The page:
The traditional Chinese New Year's greeting, "Gung hay fat choy," will echo in Chinese American communities across the nation Tuesday as the year of the boar arrives. Celebrations will include colorful parades, dragon and lion dancers and special foods.
In Los Angeles, the new year provides an opportunity to review the often overlooked history of a community that dates back more than a century. Much of the record of the first Chinese settlement has been lost, buried when that Chinatown was razed to make way for Union Station in the 1930s.
The oldest surviving reference to the Chinese presence is a shrine at Evergreen Cemetery in Boyle Heights. This month the Chinese Historical Society of Southern California, after a five-year struggle to save the shrine, began restoration of the stone altar, built by Chinese immigrants in 1888 to venerate deceased family members.
An even greater legacy than the shrine are the early immigrants' descendants, like James Gee, a veteran of World War II, whose great-great uncle came to California in the 19th Century to help build the transcontinental railroad. And Glen Wong, the new director of the Evergreen Cemetery, whose great-grandfather was the caretaker of the cemetery's old Chinese section, where the shrine stands. These two were among those at a ceremony this month marking the restoration project.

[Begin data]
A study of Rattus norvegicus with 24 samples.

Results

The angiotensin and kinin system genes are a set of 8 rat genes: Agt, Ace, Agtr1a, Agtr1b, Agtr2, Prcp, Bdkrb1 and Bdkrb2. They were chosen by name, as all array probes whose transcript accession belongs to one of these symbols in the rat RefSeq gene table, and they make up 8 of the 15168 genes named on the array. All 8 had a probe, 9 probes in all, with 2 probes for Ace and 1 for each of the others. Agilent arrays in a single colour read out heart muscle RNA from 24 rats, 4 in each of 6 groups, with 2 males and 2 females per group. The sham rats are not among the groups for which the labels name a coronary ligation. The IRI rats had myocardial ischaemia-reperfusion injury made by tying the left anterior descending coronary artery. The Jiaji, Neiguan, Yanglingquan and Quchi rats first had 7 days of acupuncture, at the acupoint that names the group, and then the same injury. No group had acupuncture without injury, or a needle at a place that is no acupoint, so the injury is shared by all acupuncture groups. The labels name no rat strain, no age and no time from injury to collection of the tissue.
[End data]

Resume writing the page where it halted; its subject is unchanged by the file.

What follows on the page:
Ceremony participants remembered Los Angeles' Chinese settlers with speeches, poetry and flowers. Their ancestors, scorned as "heathens," suffered much at the hands of American society. Even in death they were the target of discrimination. Chinese were confined to a part of Evergreen Cemetery otherwise set aside for indigents; the indigents were buried free but there was a $10 charge for Chinese.
That, unfortunately, is an undeniable part of Los Angeles history. The Chinese shrine has been designated as a city historical monument, a fitting tribute to hard-working immigrants who helped a small pueblo become a major world metropolis.